Symbols, fetishes, identities: The role of material objects in the construction of national identities
In established ‘western’national states, we tend to consider national (material) symbols and practices as fetishistic - i.e. as excessive and irrational attachments to these symbols and practices. The characterization of national symbols and practices as ‘sacred’is positive and quite ordinary in academic and daily discourse. However, the characterization of national symbols and practices as fetishistic - which can also be traced in academic and daily discourse, whether the subject-matter is discussed in these terms or not - is negative and is based on the presupposition that nationalism is a sentiment or an ideology that no longer exists in ‘western’national states or no longer is the motivational force of history. Globalization is considered to be the current motivational force of history and - in this context - nationalism is considered to be located in the periphery or returning in established national states, only in times of crisis, threatening to dissolve - and not to create - national states.
However, in a world of national states, nationalism cannot be located only in the periphery and cannot be returning in established national states only in times of crisis. In a world of national states, national states must be daily produced and reproduced as national states and their citizens must be daily produced and reproduced as national subjects. This daily production and reproduction presupposes a set of beliefs and practices (symbolic or other) embedded in the routines of citizens’everyday lives. As M. Billig argues in his book entitled Banal Nationalism (1995), the symbol of the established national state is not the waving flag, but the non-waving and unnoticed flag, hanging on a public building.
It seems that this material setting - in which we live our daily lives as citizens of national states - plays a crucial role in the construction of our national identities. And it seems that the attachment to this material setting is inevitable, due to the specificities of nationalist ideology - as far as both its content and the historical context in which it emerged are concerned. Locating ourselves outside the nationalist context as external observers and characterizing nationalist practices as fetishistic (rather than just symbolic), we semantically restrict nationalism to small sizes and exotic colors. This semantical restriction isn’t innocent, because - in this way - nationalism cannot be traced as a problem and remains unnoticed.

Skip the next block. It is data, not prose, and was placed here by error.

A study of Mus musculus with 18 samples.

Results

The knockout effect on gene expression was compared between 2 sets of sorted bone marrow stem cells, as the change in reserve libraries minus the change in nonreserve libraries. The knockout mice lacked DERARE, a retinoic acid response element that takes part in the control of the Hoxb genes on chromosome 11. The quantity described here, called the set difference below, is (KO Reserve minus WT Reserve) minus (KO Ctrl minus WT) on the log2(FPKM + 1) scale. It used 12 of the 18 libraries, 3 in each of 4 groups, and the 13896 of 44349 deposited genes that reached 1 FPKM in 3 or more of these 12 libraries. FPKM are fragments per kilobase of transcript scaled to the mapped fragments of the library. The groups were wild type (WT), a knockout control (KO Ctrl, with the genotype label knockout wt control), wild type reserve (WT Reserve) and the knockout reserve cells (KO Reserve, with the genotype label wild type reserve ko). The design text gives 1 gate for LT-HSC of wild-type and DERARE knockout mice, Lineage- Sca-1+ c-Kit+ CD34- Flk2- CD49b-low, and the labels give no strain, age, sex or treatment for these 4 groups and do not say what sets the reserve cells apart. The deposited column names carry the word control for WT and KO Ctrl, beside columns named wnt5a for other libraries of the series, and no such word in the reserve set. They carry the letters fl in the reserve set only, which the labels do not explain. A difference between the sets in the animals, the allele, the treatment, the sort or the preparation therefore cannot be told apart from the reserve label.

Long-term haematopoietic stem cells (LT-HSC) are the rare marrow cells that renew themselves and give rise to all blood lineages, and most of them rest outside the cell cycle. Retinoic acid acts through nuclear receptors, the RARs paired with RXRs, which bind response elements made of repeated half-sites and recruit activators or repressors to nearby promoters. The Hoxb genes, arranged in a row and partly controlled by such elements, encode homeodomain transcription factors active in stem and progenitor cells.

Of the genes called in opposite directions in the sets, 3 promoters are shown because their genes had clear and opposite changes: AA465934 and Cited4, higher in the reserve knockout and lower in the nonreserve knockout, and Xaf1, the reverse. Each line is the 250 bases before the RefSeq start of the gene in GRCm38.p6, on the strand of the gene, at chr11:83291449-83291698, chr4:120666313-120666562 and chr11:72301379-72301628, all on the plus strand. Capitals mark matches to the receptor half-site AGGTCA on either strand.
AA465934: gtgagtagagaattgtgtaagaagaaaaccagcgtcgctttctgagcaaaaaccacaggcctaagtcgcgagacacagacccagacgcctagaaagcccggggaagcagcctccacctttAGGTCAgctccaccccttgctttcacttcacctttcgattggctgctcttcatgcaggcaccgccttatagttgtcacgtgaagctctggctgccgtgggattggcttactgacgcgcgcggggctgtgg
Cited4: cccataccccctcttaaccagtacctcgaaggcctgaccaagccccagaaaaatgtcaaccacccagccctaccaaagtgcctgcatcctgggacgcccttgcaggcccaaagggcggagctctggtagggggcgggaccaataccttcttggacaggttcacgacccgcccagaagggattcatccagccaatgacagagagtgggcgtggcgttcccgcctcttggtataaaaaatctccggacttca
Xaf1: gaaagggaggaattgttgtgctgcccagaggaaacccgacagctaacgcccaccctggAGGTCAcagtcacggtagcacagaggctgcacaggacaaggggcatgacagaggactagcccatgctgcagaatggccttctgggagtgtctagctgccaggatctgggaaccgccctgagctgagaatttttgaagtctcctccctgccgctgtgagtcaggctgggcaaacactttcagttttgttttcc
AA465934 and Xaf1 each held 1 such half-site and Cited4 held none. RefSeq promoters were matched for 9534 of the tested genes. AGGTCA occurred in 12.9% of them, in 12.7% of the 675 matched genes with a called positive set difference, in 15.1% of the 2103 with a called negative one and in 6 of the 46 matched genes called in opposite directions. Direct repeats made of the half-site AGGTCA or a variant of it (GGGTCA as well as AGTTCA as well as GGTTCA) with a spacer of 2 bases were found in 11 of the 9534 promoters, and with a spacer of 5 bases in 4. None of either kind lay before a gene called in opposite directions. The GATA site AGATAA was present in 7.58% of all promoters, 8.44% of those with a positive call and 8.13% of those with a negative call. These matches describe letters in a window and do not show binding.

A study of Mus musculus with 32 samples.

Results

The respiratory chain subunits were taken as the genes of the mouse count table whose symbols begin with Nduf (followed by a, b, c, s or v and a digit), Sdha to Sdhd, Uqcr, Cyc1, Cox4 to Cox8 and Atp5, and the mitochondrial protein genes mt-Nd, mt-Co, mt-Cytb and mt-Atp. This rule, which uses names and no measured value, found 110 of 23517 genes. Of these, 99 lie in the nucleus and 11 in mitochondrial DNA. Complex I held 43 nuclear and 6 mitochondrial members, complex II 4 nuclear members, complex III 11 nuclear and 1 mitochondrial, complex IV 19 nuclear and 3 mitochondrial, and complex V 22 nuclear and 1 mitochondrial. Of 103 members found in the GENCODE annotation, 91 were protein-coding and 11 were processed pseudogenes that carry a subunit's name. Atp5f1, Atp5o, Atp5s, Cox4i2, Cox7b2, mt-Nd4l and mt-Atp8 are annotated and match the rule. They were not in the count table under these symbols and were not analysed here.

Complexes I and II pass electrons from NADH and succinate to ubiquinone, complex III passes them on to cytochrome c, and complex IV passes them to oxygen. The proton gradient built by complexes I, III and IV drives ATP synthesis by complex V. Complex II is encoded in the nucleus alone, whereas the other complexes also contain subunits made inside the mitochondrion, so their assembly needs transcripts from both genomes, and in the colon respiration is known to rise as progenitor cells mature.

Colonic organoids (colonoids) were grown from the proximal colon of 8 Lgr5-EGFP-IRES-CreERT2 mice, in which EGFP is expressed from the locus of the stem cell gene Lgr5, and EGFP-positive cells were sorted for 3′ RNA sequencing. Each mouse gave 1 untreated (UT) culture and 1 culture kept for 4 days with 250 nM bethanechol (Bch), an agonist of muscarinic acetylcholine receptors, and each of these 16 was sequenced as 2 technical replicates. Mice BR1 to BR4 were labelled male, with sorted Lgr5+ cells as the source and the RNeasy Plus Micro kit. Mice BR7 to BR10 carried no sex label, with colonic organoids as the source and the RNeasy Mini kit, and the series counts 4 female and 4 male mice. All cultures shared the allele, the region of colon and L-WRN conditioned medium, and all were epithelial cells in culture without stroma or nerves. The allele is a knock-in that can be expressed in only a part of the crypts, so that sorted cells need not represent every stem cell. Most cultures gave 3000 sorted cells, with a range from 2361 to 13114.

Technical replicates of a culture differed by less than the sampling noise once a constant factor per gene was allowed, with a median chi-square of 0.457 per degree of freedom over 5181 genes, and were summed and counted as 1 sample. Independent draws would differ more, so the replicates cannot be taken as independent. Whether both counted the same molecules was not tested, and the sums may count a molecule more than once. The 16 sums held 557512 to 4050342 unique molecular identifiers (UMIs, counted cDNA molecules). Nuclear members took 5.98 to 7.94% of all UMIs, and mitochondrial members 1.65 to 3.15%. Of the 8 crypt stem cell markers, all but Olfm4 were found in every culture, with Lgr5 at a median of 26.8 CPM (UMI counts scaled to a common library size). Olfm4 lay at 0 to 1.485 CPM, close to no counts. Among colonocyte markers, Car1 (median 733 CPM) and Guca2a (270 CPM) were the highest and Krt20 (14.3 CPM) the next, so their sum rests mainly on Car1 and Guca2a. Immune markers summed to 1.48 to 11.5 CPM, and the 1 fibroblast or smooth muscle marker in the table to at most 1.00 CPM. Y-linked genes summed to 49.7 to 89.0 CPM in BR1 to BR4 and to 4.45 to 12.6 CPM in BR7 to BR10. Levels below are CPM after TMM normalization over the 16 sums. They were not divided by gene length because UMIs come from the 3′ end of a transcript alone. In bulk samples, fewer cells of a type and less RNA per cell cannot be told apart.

The present Ph.D. research focuses on the role of material symbols (and more specifically on the role of materiality of symbols) in the construction of national identities.
In various references concerning material objects and symbols, it is argued that the (concrete, visual and tactile) materiality of symbols seems to play a role in the construction of identities, but this role has not been investigated sufficiently. The focus of the present Ph.D. research on the role of materiality of symbols in the construction of national identities constitutes its innovation.
The construction of national identities is a complex and ongoing process, in which (material) symbols play a crucial role. The investigation of this role can contribute to a better understanding of national identity construction processes and consequently to a better policy making concerning social inclusion and cohesion.
Assistant Professor Kanakis Leledakis (supervisor)
Associate Professor Pantelis Lekkas (joint supervisor)
Professor Peter Wagner (joint supervisor)
Participation in Conferences / Publications
Presentation entitled ‘The role of materiality of symbols in the construction of national identities’ in the Archaeological Dialogues,
January, 9-11, 2015 (in greek).
Presentation entitled ‘Crisis and the role of material symbols: The specificity of the notion of the fetish’in the International Conference ‘Crisis & Critique’of the European Sociological Association - Research Network 29: Social Theory, September, 6-8, 2012, http://www.social-theory.eu/2012athens.html.